This photo is NOT one of my family. In fact, it’s not even my photo. I got it at Jane Kirkpatrick’s blog. It is a photo of her grandmother. Do you love it?! I cannot stop looking at it! Her grandmother worked at a photography studio in Minnesota in 1911. How cool is that? Look at her dress, her necklace, her hat, the glasses and her watch. LOVE IT.
Kirkpatrick was inspired by this picture to write her new book, A Flickering Light. It’s a coming of age story of a young girl that wants nothing more than to be a photographer. But at the turn of the century, photography (as with most careers) was male dominated. And apparently the book is based on her grandmother’s life. I love it!!
Waterbrook Press asked me to review this book and I immediately said yes because I’ve always loved Jane Kirkpatrick. But when I realized what the book was about and started reading it, I got excited! The reason I post black and white pictures every week is because I am so intrigued by the story behind the picture. A Flickering Light is like a a dream come true for me—an actual story behind a mysterious black and white picture!
Here’s a cool video about the book from Kirkpatrick’s blog…which is totally interesting in and of itself…
NOW. The fun part! I’ve got a book to giveaway! No, it’s not a Flickering Light. I kept that one. (Sorry.) But I do have a special Jane Kirkpatrick book, Aurora: An American Experience in Quilt, Community, and Craft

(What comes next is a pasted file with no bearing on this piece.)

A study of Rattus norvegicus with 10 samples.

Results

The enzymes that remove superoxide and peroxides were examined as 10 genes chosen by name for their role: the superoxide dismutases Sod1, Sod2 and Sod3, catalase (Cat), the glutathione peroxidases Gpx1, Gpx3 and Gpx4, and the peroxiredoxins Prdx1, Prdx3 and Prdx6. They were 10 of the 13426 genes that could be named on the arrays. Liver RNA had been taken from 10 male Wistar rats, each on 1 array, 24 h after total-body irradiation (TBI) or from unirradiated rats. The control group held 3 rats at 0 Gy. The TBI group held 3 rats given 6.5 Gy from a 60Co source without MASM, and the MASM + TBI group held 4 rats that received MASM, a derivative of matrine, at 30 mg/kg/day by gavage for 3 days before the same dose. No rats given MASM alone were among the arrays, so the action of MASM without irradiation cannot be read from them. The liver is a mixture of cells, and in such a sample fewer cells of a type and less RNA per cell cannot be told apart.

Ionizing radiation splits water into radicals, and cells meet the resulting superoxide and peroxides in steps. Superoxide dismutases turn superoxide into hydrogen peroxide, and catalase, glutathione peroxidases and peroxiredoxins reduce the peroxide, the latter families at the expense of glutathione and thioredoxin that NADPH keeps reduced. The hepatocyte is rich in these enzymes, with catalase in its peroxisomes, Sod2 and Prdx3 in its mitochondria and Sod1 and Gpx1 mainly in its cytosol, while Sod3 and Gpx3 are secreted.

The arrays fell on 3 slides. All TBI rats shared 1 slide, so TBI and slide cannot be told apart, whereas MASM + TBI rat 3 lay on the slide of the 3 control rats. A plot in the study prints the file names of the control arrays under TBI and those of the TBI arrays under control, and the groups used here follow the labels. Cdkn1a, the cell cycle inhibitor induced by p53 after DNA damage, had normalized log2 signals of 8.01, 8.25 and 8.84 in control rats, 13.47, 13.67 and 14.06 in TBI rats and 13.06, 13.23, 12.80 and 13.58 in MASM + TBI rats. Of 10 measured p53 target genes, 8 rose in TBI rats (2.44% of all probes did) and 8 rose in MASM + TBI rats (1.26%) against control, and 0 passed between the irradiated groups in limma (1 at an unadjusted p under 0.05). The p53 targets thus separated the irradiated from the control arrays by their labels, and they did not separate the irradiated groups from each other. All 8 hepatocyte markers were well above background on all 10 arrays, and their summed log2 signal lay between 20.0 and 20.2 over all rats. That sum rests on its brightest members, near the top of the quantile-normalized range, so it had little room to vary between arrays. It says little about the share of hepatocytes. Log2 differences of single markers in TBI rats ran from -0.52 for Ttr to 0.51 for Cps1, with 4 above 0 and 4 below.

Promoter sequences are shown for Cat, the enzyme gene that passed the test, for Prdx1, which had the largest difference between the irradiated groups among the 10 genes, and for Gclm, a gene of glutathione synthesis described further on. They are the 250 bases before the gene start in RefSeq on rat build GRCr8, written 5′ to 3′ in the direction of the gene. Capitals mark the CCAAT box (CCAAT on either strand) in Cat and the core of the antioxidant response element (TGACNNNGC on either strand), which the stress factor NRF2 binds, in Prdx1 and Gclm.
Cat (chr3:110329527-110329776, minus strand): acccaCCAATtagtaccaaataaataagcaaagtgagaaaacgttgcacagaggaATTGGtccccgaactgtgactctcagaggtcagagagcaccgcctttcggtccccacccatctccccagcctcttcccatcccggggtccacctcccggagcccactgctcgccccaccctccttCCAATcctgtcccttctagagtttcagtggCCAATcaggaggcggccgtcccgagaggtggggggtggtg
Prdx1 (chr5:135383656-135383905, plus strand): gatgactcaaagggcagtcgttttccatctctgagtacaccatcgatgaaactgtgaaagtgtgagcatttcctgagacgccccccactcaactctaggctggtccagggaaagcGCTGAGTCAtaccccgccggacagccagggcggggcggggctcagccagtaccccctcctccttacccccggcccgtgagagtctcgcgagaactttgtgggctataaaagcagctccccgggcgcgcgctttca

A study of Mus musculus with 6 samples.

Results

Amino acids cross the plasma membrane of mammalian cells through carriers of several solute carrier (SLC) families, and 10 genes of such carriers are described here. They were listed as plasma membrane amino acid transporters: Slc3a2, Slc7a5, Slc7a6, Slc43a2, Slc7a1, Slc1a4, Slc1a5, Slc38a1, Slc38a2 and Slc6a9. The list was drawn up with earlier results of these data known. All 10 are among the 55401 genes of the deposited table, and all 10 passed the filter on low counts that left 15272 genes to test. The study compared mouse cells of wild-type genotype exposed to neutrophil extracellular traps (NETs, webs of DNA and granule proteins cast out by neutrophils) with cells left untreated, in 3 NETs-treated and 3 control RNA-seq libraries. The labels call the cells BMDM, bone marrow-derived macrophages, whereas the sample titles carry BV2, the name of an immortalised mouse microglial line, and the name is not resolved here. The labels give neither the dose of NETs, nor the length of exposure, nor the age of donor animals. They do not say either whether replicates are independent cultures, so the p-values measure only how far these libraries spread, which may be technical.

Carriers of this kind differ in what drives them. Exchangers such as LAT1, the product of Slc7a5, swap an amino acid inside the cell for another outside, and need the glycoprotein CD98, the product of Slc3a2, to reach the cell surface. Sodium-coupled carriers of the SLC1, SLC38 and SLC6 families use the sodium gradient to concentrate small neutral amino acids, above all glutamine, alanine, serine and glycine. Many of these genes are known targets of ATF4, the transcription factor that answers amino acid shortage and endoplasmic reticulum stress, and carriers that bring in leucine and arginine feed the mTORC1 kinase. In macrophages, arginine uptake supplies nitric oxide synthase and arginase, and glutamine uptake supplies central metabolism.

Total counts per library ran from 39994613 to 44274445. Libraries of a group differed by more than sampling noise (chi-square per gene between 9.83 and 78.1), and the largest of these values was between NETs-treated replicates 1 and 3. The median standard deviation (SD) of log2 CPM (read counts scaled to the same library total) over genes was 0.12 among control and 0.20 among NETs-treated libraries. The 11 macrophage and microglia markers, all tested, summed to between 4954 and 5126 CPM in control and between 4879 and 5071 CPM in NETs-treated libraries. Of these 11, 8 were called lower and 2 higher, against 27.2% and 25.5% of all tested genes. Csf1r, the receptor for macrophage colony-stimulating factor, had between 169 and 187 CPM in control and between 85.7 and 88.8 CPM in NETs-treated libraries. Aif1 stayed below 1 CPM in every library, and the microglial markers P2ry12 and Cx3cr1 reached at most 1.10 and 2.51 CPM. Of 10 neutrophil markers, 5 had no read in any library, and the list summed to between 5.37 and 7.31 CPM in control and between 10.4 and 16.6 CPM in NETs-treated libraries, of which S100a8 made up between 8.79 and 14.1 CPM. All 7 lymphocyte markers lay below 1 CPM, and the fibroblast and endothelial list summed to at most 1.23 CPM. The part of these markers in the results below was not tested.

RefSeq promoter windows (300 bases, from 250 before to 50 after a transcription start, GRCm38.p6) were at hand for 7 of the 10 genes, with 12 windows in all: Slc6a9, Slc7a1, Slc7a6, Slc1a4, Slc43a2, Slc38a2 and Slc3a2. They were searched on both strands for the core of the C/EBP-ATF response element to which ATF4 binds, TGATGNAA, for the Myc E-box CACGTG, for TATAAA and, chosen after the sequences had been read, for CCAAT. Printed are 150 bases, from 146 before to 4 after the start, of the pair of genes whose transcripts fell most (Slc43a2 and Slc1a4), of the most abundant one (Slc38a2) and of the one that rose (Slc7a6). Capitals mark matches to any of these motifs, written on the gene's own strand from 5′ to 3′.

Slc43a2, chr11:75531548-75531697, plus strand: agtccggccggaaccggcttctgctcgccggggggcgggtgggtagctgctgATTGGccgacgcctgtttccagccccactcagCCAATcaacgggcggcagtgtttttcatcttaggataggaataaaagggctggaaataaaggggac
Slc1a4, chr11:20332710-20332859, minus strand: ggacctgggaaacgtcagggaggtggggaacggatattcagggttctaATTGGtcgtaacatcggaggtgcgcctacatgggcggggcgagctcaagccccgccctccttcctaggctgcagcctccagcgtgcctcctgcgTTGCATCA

Here’s the official overview:
Wrap yourself in a fantastic journey, a remarkable commitment, and a spare and splendid story. Master storyteller Jane Kirkpatrick extols the beautiful treasures, unknown to a wider public, rediscovered in the Old Aurora Colony of Oregon ’s lush Willamette Valley.
The people and legacy of Aurora, a utopian community founded in the mid-1800s, will stir your imagination, hopes, and dreams; and remind you that every life matters—that our lives are the stories other people read first.
Featuring~ Unique and treasured quilt pattern variations, more than 100 photographs, many never-before published, from 1850 to today. Cherished stories from Aurora descendants, rich images of fine crafts from the Aurora Colony and private collections, an introduction by renowned American artist John Houser.
Aurora is about the difference every ordinary life can make—and a beautiful celebration of a time and place in which people expressed their most cherished beliefs through the work of their imagination and hands.
I wrote about Kirkpatrick’s fictional series set in the actual city of Aurora. It’s one of my favorite series ever. This new book is essentially the black-and-white picture to the fiction books.
If you’d like to win this beautiful hard-cover gift book you must leave me a comment! If you’d like an additional entry just tweet, facebook, blog, stumble, kirtsy, smoke signal or carrier pigeon about the contest. Then leave me an additional comment for every extra step you took.
I’ll announce a winner (who lives in the US or Canada and has a valid email address) on Saturday.
ps–I received both of these books for FREE to review. I am giving away one of them because I just like giving my readers free stuff. I will be paying for the shipping out of my own little purse. Yes, this is a snarky postscript response to the conversation about full disclosure going around the blogosphere right now.